Kareen Cox
Kareen Cox
Career writer

The demand for human resource professionals in Jamaica has grown in response to the need for a positive working environment with satisfied employees, and the vital role the human resource (HR) manager plays in helping to create this dynamic.

Every organisation, whether a large corporation or a small business within the public, or private sector, needs a human resource manager. This manager is responsible for recruiting, managing and providing direction for all employees within an organisation. He/she also deals with compensation, hiring, performance management, organisational development, safety, discipline, wellness, employee benefits and training.

Traditionally, HR managers and the HR department by extension, concentrated mainly on performing the administrative functions of an organisation, such as handling employee benefits, or recruiting new staff. Today's HR manager continues to manage these tasks, but in recent years, the role has taken on new meaning. Dave Ulrich, author of the book Human Resource Champions, recommends two additional roles:

Employee advocate

As an employee sponsor or advocate, the HR manager plays an integral role in organisational success via his/her knowledge about and advocacy of people. This advocacy includes expertise in how to create a work environment in which people will choose to be motivated, willing to contribute, and happy.

Fostering effective methods of goal setting, communication and empowerment through responsibility, the manager builds employee ownership of the organisation. The HR professional helps establish the organisational culture and climate in which people have the competence, concern and commitment to serve customers well.

In this role, the HR manager provides employee-development opportunities, employee-assistance programmes, organisational development interventions, due process approaches to problem solving, and regularly scheduled communication opportunities.

Change champion

The constant evaluation of the effectiveness of the organisation results in the need for the HR professional to frequently champion change.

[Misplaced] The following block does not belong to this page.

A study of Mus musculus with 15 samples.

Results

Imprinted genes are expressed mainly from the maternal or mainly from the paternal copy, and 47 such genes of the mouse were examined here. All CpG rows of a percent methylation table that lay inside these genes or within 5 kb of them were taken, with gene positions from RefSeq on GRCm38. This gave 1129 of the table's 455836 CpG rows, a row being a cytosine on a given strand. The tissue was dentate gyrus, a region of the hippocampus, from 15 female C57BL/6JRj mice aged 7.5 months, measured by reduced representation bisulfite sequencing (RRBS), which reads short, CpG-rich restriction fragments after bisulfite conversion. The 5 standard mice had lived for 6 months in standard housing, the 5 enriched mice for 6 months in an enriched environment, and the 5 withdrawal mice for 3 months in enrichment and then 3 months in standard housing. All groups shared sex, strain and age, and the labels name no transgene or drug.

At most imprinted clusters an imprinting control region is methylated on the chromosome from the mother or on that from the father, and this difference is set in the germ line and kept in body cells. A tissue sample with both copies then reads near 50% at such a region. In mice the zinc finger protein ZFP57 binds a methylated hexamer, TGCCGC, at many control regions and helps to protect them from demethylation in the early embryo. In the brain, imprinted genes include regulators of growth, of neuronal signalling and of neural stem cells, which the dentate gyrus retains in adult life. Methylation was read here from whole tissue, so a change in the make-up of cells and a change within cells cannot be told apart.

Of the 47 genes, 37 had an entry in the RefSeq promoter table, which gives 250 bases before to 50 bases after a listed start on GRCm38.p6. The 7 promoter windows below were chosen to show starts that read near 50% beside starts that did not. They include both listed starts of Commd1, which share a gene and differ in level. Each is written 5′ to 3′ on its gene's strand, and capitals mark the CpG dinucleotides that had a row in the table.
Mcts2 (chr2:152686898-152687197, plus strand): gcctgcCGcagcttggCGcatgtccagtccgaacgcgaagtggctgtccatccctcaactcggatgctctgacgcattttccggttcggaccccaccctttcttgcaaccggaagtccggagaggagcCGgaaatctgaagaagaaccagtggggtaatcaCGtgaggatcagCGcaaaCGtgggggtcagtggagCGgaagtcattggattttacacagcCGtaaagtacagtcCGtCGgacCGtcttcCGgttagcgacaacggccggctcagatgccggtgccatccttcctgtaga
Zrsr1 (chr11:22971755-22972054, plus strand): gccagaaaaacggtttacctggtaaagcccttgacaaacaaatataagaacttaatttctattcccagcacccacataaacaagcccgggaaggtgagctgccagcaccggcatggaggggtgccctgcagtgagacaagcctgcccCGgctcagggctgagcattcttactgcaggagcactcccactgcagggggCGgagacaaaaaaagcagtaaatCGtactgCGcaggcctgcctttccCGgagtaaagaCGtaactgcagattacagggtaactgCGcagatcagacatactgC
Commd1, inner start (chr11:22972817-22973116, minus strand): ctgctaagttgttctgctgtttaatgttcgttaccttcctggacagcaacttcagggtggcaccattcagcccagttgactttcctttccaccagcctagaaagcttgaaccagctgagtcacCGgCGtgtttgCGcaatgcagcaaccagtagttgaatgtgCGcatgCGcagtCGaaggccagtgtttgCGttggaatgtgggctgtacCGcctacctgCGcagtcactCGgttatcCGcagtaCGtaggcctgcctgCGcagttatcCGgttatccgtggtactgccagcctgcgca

Both knowledge about and the ability to execute successful change strategies make the HR professional exceptionally valued. Knowing how to link change to the strategic needs of the organisation will minimise employee dissatisfaction and resistance to change.

The HR professional champions the identification of the organisational mission, vision, values, goals and action plans. Finally, he or she helps determine the measures that will tell his organisation how well it is succeeding in all of this.

On this basis, HR managers tend to be among the senior management team in most organisations.


In order to become an HR manager, both a bachelor's and a graduate degree in human resources and/or a related area, such as industrial or labour relations, is required, along with previous working experience. In acquiring both degrees, a prospective HR manager should, where possible, seek to pursue courses in compensation, recruitment, training and development, and performance appraisal, as well as courses in principles of management, organisational structure and industrial psychology. Because an interdisciplinary approach is required for this position, other relevant courses to consider include business and public administration, sociology and labour relations.

As is the norm with every job, the personal skills you possess will also play a role in determining whether a career in human resources is right for you.

Human resources courses are offered at all the major tertiary institutions in Jamaica, including the University of the West Indies, University of Technology, Northern Caribbean University, and the University College of the Caribbean. The Human Resource Management Association of Jamaica also offers regular seminars for both members and non-members.

Kareen Cox is coordinator, career resources department within the HEART Trust/NTA.